Ryan Elias
Vancouver, BC, Canada
September 12
Ryan is a Vancouver-based layabout and sometime freelance feature writer. He's interested in sex and politics, but preferably not together, and wrote an absolutely riveting master's thesis on how academic expertise is adjudicated in the American media.


MARCH 16, 2012 8:27PM

L'affaire Ravi


In 2009 Dharun Ravi spied by webcam on his Rutgers roommate Tyler Clementi in an assignation with another man, and then tried, semipublically, to arrange a viewing party the next time Clementi took a date home. Clementi threw himself off the George Washington Bridge the next day.

Ravi was found guilty today of a handful of charges, including invasion of privacy, intimidation, and evidence tampering. His sentence hasn't been announced yet, but word is that it will be between 5 to 10 years, and he may also be deported to India, the country of his birth.

There's a lot to be said for all this: We don't as a society do enough about bullying. Bullshit like Ravi pulled on Clementi too often goes completely unremarked, let alone punished.

A boy is dead. 

But that's where I, at least, start to run into trouble. Though he is to some extent complicit in Clementi's death, Dharun Ravi is not a murderer. Indeed, even indirectly he's hardly (as Dan Savage pointed out at the time) the only one responsible. He behaved inappropriately, and the consequences of his behaviour were grave, but to what extent is it right to punish him for those outcomes?

5 years in prison is a lot to put on a 20-year-old. Hell, it's a lot to put on anyone. It's hard to see how society as a whole benefits from putting this kid, vicious little snake though he may be, away for most of his 20s. 

But that's the bind we find ourselves in, isn't it? This is just how our justice system works. Ravi was brought to the attention of the authorities because Clementi killed himself, and the charges against him were brought and pursued with such fervour as a result of the death. But I don't believe there was an "and also, the victim died" rider on any of the charges he was found guilty of. These are actually the punishments the American justice system demands for these crimes.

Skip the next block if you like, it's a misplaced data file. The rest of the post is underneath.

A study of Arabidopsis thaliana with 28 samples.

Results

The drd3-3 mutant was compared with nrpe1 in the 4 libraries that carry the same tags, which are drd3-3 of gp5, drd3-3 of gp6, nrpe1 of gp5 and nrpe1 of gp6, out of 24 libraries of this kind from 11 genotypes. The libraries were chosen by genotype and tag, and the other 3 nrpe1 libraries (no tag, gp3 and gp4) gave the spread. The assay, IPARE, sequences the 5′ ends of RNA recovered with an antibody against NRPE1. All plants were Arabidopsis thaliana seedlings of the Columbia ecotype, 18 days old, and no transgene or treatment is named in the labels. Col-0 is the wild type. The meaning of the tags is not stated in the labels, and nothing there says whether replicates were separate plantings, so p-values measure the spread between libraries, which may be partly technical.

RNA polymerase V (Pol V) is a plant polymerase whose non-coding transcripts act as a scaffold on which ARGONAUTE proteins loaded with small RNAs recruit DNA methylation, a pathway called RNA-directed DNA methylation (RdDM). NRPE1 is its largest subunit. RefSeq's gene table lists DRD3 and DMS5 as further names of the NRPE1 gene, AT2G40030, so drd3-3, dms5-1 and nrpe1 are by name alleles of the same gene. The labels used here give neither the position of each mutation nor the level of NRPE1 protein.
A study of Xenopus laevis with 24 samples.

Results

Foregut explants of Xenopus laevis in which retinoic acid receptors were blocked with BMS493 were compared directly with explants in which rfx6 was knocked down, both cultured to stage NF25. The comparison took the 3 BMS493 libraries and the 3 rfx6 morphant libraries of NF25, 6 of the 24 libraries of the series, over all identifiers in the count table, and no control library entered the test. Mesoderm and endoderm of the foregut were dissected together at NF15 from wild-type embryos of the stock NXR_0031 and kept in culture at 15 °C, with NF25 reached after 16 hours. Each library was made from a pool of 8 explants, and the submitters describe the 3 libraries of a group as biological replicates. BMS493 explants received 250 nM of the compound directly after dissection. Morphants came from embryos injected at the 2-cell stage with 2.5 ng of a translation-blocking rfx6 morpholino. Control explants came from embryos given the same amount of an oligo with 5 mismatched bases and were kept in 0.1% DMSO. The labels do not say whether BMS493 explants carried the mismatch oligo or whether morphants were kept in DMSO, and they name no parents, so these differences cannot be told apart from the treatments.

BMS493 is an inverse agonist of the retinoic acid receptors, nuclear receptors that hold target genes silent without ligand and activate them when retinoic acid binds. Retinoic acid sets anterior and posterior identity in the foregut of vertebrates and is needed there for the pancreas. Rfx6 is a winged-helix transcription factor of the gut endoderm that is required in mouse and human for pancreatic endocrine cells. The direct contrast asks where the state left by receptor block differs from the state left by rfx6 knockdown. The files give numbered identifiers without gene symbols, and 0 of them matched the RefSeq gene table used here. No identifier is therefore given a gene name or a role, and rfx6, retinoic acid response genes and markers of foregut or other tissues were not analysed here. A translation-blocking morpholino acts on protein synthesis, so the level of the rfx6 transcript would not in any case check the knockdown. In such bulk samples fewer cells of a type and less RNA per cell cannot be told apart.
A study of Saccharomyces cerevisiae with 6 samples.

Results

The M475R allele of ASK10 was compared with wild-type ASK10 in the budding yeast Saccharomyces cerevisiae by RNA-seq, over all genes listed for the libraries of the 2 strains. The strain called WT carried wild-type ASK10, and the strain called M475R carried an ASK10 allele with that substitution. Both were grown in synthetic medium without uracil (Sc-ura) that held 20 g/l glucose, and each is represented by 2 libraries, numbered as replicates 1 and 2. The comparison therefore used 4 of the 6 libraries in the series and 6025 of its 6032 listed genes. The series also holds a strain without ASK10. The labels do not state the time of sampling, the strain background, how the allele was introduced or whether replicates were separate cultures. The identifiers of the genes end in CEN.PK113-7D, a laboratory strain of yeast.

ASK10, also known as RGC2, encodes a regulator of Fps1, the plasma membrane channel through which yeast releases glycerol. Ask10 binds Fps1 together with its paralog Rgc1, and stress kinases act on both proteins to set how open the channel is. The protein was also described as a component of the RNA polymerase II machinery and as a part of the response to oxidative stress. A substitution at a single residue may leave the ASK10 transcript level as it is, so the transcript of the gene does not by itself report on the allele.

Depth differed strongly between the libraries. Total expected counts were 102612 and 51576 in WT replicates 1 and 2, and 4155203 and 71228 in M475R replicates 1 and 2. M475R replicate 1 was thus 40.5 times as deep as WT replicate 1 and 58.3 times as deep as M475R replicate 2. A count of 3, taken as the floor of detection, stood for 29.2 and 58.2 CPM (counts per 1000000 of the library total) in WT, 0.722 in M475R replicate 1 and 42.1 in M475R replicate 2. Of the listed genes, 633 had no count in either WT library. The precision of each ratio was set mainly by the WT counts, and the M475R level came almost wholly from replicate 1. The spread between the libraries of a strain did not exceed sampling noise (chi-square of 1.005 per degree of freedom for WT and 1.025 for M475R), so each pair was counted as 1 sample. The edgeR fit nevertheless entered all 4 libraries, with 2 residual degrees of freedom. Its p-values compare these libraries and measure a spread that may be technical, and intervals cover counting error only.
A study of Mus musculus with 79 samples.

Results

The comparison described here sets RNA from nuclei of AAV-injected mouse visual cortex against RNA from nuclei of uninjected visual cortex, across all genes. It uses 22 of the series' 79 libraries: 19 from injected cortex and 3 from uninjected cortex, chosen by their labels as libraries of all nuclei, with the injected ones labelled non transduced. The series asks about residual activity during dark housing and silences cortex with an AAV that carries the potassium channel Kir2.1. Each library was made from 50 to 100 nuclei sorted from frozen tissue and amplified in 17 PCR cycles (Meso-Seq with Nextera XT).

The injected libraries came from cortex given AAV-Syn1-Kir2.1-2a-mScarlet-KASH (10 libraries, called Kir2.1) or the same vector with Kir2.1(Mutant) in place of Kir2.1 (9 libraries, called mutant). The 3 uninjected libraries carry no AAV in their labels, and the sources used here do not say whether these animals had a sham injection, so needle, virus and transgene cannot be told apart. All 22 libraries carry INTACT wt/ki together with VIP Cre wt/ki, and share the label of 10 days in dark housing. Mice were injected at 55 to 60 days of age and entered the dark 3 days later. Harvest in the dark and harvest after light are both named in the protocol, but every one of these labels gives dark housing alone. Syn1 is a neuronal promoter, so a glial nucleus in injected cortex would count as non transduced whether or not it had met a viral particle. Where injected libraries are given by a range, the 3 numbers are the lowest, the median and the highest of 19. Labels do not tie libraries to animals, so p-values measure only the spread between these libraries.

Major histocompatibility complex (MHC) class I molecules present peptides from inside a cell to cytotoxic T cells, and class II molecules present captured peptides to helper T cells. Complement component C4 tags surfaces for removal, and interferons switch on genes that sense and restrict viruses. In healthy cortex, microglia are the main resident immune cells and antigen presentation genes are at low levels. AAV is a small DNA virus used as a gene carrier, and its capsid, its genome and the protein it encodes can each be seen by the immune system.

Do we set the penalties as high as we do because we really consider 10 years in prison a fair punishment for them? Do we cost in the terrible things that result from them, that the perpetrators nevertheless cannot be tried for? Or is it simply an artifact of a political system that makes it much easier to raise penalties than lower them? 

(hint: it's problably option 3) 

But go back think about the process here for a moment -- these are charges that are unlikely to ever be laid unless something terrible happens as a result, despite the fact that, as in this case, the degree to which the perpetrator is actually responsible for those consequences might be rather low. We're not punishing for the actual offense charged, but for the (possibly minimally related) effects thereof.

I think this is a similar phenomenon to the Capone effect, where we nab somebody for a lesser charge because we don't have a strong enough case to nail them for the greater. Except Capone was actually guilty of many many murders, whereas Ravi is an asshole teenager being lumped with full responsibility for a tragedy that was only partially of his making.

And then, to top it off, the primary punishment mechanism we deploy is hilariously destructive, inefficient, expensive, and possible even unjust. 

commenter on Dan Savage's post on the issue today wrote that he was uneasy with a "back-door murder trial" -- and that's exactly what this is. For all that I feel strongly that Ravi should be punished, it shouldn't be for murder.

Complicating matters in the other direction, Ravi himself rejected a plea bargain that would have netted him 600 hours of community service, no jail time, and help with immigration to avoid deportation. Instead he pled innocent, and lost. Easy to just say, well, then, fuck him, right? He had his chance.

I don't know about that, either. If 10 years is too much for his actual crime (being a bully and an asshole), then it's still too much if we add the "crime" of making a poor tactical decision in his defense.

Better than nothing? I think so, probably, but I can't help but regret that we're meeting wrong with wrong.